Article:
Barbarey History, Family Crest & Coats of Arms
The Anglo-Saxon name Barbarey comes from a baptismal name meaning son of Barbara.  In some instances, the name may have also been a nickname for someone, such as a Moor or Berber, who appeared to be of North African heritage. In such a case the name is a reference to the Barbary Coast of North Africa.
Another source notes that the name may be Norman in origin as he notes that "Barberi, famous of Old Forits Abbey (1170), is a parish near Falaise, in Normandy." 
Early Origins of the Barbarey family
The surname Barbarey was first found in London, where the BarBerry spelling was the most popular. Late marriage records show: William Grosse and Barbery Marbeck were married at St. Antholin (London) in 1581. (Note the use as a forename) Helline, daughter of Henrie Barbery, was buried at St. James, Clerkenwell in 1609. Barbery, daughter of Jeremiah and Barbery Bird married at St. Mary Aldermary in 1696 and Francis Lee and Catherine Barberry were married at St. James, Clerkenwell in 1715. 
Early History of the Barbarey family
This web page shows only a small excerpt of our Barbarey research. Another 203 words (14 lines of text) covering the years 1327, 1500, 1609, 1674, 1715 and 1692 are included under the topic Early Barbarey History in all our PDF Extended History products and printed products wherever possible.
Barbarey Spelling Variations
One relatively recent invention that did much to standardize English spelling was the printing press. However, before its invention even the most literate people recorded their names according to sound rather than spelling. The spelling variations under which the name Barbarey has appeared include Barberry, Barbary, Barbery, Barberrie, Baberie, Berberry and many more.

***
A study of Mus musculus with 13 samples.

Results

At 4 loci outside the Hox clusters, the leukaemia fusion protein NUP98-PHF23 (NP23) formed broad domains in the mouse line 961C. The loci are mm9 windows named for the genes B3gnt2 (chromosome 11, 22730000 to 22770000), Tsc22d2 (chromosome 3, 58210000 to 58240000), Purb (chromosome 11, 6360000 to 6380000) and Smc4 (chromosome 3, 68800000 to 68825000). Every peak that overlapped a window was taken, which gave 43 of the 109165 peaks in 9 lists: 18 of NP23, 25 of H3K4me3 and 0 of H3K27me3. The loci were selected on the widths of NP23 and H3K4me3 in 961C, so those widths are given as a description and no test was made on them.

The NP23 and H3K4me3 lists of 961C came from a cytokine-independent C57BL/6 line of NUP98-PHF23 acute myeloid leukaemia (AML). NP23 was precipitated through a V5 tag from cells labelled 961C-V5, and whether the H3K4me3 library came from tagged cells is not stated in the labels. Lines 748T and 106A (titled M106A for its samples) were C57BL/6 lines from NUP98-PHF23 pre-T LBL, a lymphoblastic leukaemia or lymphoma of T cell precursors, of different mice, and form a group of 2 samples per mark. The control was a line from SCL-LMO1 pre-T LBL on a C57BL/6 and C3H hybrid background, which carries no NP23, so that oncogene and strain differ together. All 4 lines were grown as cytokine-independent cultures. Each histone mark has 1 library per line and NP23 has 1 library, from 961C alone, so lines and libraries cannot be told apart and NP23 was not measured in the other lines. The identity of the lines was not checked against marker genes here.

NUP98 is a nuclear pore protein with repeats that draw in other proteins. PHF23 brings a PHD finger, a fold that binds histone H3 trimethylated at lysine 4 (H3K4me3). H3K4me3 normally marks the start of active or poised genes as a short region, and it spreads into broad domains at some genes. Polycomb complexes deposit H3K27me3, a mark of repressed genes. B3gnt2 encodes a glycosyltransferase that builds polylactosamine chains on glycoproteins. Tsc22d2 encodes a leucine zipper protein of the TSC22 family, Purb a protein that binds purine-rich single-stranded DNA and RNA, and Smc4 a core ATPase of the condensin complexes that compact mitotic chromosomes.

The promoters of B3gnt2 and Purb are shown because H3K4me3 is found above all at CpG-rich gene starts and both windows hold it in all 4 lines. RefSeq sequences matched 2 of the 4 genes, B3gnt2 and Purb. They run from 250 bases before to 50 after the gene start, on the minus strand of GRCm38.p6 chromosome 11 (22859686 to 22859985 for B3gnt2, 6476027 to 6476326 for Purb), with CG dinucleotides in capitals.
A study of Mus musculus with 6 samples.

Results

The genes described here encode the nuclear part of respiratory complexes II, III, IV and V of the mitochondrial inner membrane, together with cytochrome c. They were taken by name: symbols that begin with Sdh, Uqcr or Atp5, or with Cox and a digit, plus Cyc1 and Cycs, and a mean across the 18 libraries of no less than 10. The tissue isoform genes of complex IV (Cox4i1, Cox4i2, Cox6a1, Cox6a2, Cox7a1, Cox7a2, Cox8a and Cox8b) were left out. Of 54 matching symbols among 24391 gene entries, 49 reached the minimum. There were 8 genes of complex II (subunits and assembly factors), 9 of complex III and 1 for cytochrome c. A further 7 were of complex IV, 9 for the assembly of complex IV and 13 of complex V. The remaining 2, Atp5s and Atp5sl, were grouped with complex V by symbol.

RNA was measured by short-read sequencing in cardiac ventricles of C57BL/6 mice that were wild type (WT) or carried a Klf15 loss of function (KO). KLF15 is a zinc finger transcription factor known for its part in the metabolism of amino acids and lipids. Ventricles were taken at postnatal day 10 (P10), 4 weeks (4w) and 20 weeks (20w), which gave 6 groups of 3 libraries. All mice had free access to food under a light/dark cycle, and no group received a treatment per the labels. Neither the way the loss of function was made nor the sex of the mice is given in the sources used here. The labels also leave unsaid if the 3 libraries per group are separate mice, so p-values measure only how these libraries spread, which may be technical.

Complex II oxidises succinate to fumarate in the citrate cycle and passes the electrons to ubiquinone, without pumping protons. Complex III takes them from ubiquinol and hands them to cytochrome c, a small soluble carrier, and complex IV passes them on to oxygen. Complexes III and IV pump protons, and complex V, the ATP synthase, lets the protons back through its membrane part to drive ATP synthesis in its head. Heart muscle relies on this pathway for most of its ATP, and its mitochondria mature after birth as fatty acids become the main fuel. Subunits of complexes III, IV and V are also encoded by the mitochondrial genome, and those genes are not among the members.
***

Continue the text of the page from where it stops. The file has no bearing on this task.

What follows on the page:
Early Notables of the Barbarey family (pre 1700)
More information is included under the topic Early Barbarey Notables in all our PDF Extended History products and printed products wherever possible.
Migration of the Barbarey family
At this time, the shores of the New World beckoned many English families that felt that the social climate in England was oppressive and lacked opportunity for change. Thousands left England at great expense in ships that were overcrowded and full of disease. A great portion of these settlers never survived the journey and even a greater number arrived sick, starving, and without a penny. The survivors, however, were often greeted with greater opportunity than they could have experienced back home. These English settlers made significant contributions to those colonies that would eventually become the United States and Canada. An examination of early immigration records and passenger ship lists revealed that people bearing the name Barbarey arrived in North America very early: Thomas Barbery of Maryland who arrived in 1666.